Will “normal” ever return? That question has resonated with many over the past few years. But a more pressing inquiry is to consider whose normal we mean when we ask.
In Bruce Holsinger’s cinematic new novel “The Displacements” (Riverhead, 448 pp., ★★ ½ out of four), one privileged white family in the US copes with the life-changing aftermath of Hurricane Luna, the world’s first Category 6 storm. Through interspersed multiple points-of-view as well as screenshots from an interactive website tracking “the Luna Migration,” Holsinger tells the story of the Miami-based Larsen-Halls: two parents and their three children. In following their quest for recovery, readers are caught up in the epic sweep of hundreds of thousands of others who have also suffered the loss of homes, loved ones and finances.
One minor error – Daphne’s left-behind purse – creates a chain effect of trouble, once she and the kids are separated from Brantley and routed to an Oklahoma mega-shelter named Tooley. Running FEMA ops at Tooley is capable Rain Holton, tasked with providing basic needs, logistics and security for ten thousand people in an unprecedented and ongoing mass weather event. “Two high schools,” she tells herself. “I can run two damn high schools.” We meet other refugees and residents, including a part-time drug dealer who sizes up a big opportunity for sales amid all the misery of the camp.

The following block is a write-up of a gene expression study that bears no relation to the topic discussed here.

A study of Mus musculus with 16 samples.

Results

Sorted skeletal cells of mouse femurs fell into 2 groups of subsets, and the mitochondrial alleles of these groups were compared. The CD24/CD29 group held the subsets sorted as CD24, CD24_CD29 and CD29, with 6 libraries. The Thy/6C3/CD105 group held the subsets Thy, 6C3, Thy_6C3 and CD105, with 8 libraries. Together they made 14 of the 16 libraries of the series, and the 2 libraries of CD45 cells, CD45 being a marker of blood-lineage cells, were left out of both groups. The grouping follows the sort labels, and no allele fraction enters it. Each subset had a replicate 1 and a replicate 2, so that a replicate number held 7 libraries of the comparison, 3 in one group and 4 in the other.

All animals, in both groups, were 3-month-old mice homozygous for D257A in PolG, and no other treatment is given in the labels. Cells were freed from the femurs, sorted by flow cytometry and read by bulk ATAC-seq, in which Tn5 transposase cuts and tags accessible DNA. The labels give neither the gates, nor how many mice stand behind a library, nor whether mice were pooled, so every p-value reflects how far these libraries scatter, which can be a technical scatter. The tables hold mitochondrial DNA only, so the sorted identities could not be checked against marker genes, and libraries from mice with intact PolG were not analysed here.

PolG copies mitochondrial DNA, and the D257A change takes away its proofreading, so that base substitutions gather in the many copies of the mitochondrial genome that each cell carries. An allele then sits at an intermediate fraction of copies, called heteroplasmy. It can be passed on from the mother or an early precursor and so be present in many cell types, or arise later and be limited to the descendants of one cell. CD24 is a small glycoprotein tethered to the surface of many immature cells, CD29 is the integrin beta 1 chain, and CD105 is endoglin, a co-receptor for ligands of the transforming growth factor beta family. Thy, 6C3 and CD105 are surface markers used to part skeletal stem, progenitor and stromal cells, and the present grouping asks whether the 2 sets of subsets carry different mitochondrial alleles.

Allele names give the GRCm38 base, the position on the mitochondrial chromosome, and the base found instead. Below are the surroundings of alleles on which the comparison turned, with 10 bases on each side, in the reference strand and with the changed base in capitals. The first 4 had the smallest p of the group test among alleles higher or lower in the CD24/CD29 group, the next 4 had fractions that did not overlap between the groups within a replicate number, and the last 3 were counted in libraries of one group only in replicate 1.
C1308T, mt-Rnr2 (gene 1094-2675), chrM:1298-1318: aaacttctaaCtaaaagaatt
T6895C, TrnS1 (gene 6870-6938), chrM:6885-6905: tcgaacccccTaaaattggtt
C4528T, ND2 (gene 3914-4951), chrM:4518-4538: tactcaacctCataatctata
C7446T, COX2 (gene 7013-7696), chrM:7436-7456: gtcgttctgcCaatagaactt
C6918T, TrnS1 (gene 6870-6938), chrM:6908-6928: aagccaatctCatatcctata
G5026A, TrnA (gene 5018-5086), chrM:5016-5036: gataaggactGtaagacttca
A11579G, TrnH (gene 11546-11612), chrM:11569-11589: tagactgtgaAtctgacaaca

“The Displacements” shines when it portrays alliances and factions amid the mass of people so suddenly brought together. Positive communities form, including a makeshift library —as do worrying tribes that divide along race and class lines. When Daphne’s daughter Mia befriends Luz, she unwittingly reveals a family’s undocumented status that compounds Luz’s suffering. When Gavin falls in with the drug dealer’s girlfriend, a potentially more violent conflict looms.
Too often the novel is obsessed with sloppy clichés (smiles flash, jaws stiffen) and disaster-movie dialogue (“After Tuesday, there’s not going to be a Miami”). Yet “The Displacements” raises other, deeper questions about the place and purpose of “cli-fi.” What is gained or lost when a mainstream novel about mass migration after a mega-storm chooses to center the tribulations of an affluent white family – when we know that our climate emergency disproportionately affects marginalized communities, including the poor and people of color? Does this novel’s “riches to rags” story convey the actual potential harm of a fictional storm like Luna? Or does the author wish to reach a reading population who might still believe in a “normal” that can, or should, return?
These questions, more than the Larsen-Halls’ journey, make “The Displacements” a book worth picking up.